Big mistake... maybe
The bare wires are easy -- those are always Safety Ground.
In residential wiring, the information on how to make connections is provided by position. That is to say, how to connect them is told by how they were connected before. Get it? By unhooking all the wires at once, you destroy that information.
Now, there's only two reasons to do that; either your husband is deranged, or he reasonably saw that the wiring arrangement was perfectly simple and straightforward, and easy to remember. (These are called "switch loops").
I'm noting that the cable sheath was kept on the wires very far into the box, and not split into individual wires until 3" from the end. That is very much in favor of the "Simple, legal, easy-to-remember" theory.
However, it's worth mentioning that the "simple, legal, easy to remember" arrangement cannot possibly affect lights, switches or outlets anywhere else in the building - only the controlled light/fan. So if that is happening, then we have a huge, stinky mess on our hands: this wiring job was already shoddy and dangerous before your husband ever touched it, and a DIY fix is out of the question. You will need to either hire it done (sorry), or disclose the defect and let the buyer fix it. I recommend the latter, because that lets the buyer choose different fixtures etc. while they are in there doing the work.
Assuming the legal/simple way
So, proceeding on the assumption that the legal way is the way it was done, and that you are using plain switches, not these "smart switches"...
Each cable gets handled one at a time. For that cable, the bare goes to the switch's green Safety Ground screw. There are two screws remaining. Put black and white there. Which one goes where, does not matter.
For the ground screw, you must shape the wire into a shepherd's hook that will go around the screw shaft (under the head) at least 180 degrees, and it's good workmanship to crimp it so it goes around even more (and won't fall off). It's probably that way already. Put it on clockwise, so when you tighten the screw, it tightens the hook.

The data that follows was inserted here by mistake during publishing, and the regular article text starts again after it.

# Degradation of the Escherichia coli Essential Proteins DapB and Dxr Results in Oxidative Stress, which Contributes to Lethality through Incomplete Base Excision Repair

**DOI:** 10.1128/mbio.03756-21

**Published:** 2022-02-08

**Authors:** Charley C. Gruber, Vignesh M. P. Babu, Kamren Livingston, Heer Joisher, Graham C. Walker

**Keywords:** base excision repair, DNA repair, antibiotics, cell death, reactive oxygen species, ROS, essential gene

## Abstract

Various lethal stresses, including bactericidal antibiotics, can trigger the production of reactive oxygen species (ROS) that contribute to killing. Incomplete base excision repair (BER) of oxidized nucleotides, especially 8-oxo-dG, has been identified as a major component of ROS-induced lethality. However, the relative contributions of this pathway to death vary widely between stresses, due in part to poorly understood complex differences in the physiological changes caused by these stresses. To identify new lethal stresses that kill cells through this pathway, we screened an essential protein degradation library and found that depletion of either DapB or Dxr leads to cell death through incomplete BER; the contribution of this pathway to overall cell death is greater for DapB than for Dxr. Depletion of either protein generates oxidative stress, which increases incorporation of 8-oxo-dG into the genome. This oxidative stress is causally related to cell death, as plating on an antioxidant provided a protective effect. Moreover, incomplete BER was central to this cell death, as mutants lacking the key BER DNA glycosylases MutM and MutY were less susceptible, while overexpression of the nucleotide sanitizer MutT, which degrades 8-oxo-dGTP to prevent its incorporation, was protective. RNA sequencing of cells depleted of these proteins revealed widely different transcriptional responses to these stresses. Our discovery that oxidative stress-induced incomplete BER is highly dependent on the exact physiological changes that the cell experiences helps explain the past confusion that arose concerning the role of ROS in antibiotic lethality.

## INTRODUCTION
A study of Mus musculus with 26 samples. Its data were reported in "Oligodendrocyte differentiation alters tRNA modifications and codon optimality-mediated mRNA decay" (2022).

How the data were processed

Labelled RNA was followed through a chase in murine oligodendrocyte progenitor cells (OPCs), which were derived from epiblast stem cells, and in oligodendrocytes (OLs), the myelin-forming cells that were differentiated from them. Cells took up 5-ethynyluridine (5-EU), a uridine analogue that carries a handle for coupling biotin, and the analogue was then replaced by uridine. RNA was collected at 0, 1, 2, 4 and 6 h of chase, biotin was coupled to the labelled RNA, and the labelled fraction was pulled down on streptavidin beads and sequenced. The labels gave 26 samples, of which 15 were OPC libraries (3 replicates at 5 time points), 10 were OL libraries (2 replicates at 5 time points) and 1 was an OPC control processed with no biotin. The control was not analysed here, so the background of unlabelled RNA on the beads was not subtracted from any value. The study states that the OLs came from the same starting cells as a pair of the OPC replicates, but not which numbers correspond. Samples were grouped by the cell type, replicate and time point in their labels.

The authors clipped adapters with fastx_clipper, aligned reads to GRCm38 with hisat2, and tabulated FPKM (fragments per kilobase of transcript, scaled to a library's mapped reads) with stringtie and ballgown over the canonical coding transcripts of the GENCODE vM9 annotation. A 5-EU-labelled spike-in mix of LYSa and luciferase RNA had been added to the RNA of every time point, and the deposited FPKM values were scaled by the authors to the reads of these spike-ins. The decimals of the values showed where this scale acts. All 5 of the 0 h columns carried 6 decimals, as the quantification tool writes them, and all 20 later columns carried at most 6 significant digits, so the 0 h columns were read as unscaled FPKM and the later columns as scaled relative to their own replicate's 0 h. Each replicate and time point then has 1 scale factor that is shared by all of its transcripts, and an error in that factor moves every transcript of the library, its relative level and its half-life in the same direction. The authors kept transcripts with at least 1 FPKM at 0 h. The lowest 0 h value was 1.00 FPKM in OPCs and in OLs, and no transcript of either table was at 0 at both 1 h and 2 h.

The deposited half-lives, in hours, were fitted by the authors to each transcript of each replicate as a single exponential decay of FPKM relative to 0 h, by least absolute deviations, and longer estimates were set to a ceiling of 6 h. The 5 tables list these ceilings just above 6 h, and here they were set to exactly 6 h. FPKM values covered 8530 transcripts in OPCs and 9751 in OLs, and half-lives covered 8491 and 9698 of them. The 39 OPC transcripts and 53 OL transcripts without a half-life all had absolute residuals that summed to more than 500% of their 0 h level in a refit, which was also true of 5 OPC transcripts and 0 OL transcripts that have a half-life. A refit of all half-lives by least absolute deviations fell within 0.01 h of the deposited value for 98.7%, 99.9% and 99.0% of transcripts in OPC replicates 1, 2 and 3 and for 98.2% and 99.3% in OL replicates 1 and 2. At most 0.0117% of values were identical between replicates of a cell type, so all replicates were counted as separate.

For the other two wires, if they are straight, use the "backstab" back-wire holes: there will be a little graphic illustration on the outlet that will tell you exactly how long to strip the insulation. Do it just like that, and then, shove it in the hole all the way until bare wire can no longer be seen. (On better switches, you must tighten down the screws to get the wire to hold. Tighten them quite firmly. But please don't use that type!)
You could also attach to the side screws using shepherd's hooks similar to the ground wire, and that's better if done properly. Honestly, given your level of skill, I want you to use the backstabs because if you cut the insulation the right length and push them all the way in, they're impossible to screw up. Otherwise you need a torque screwdriver to set the screw torques right (usually, people set them too loose.)
The regulars here will object: yes, we generally think of backstabs as universally bad, because they go "open" for no reason, and that is a huge nuisance. However, here, they are selling the house. The nuisance won't be theirs, so it's much more important that the work be the safest possible given OP's skill level. Besides, these are switch loops; nothing will be affected by an "open" except the lamp itself.